Research

The Positive Impact of Fraternities

Research proves that fraternities foster positive mental health, serve as a success accelerator for students, and engender tremendous loyalty and connection among alumni to support their alma mater.

Phi Gamma Delta actively participates in and supports interfraternal research intended to empirically show the value and opportunities of fraternity membership. Below are summaries of recent projects coordinated by the North American Interfraternity Conference (NIC). Learn more at www.nicfraternity.org/research.

Fraternity Members Experience Stronger Mental Health & Wellness

While college men are experiencing loneliness and depression at increasing rates, fraternities empower students to create a strong support system. This family – this home – that fraternities provide offers connection and can create a strong sense of belonging, leading members to have more positive mental health and less anxiety and depression.

 The Proof:
  • Fraternity members report higher levels of positive mental health, and less depression or anxiety than unaffiliated members.
  • Nearly 80% of fraternity men report excellent to good mental health and wellbeing.
  • When members seek help, they are twice as likely to turn to a brother than anyone else.
  • Fraternity and sorority members believe that good support systems exist on campus for students going through a tough time.
  • Fraternity and sorority members are more likely to seek therapy or counseling at some point in their lives.
  • Fraternities provide an environment where members can have tough conversations, especially about personal issues like relationships, family and mental health struggles. 
 

Fraternities Are an Accelerator for Success in College & Beyond

Students spend 90% of their time outside the classroom. Fraternities capitalize on those hours by preparing men for success in college and in their futures far beyond what their peers experience. And a study of thousands of alumni of diverse backgrounds shows this holds true regardless of an individual’s background or socioeconomic status entering college.

 The Proof:
  • 83% of members indicate stronger leadership confidence as a result of their fraternity membership.
  • Fraternity members show significantly higher learning gains than their peers in their first year of college.
  • Despite being less diverse than students in general, fraternity/sorority members reported higher levels of interaction with people different from themselves than did other students.
  • Fraternity alumni are twice as likely to feel that their alma maters prepared them well for life after college and that they gained important job-related skills.
  • Fraternity alumni find jobs more quickly after graduation and are more engaged in the workplace.
  • They’re more likely to be thriving in every aspect of wellbeing – career, community, financial, physical and social wellbeing.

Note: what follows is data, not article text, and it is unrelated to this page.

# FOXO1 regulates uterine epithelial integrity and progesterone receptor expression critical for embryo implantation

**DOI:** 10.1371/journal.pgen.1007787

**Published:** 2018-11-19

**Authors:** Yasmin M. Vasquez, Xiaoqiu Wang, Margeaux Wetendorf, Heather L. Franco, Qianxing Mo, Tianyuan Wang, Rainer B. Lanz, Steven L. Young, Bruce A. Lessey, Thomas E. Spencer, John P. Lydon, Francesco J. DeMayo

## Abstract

• Fraternity members leverage their networks, with almost half stating that another member helped them find an internship or job and provided them with career advice.
  • One in five students considers joining a fraternity or sorority, but ultimately decides not to because they’re “too busy with academics” or have financial concerns.
  • Fraternity members experience stronger retention and persistence to graduation.
 

Fraternities Create Lifelong Connection to the Campus, Community & Their Peers

Members are more engaged inside and outside of the classroom than their peers - they report feeling more supported by their faculty and nearly half serve in leadership roles across campus. They’re also more connected to their local communities, spending significantly more time volunteering than nonaffiliated students.

 The Proof:
  • 75% of fraternity members demonstrate strong satisfaction with their overall student experience.
  • 78% of fraternity members feel a strong connection to campus1 and are more satisfied with their experience.
  • Nearly half of fraternity members serve in other campus leadership roles.
  • Fraternity members are more involved in co-curricular activities, and membership promotes student leadership and development, as well as satisfaction with the collegiate experience.
  • Fraternity members have stronger interaction with faculty than their peers, with higher rates feeling like their professors cared about them as a person or made them excited about learning.
  • Fraternity members spend significantly more time volunteering, mentoring and doing other types of service work, and they feel like they belong in their communities.
  • Fraternity members feel a stronger connection to and are more engaged in their communities.
  • Fraternity alumni feel a deeper sense of loyalty with their alma mater because of their positive college experiences, and they are more likely recommend their school to others and donate after graduation.
  • If they had to do college over again, more than eight out of 10 fraternity members would re-join their organizations.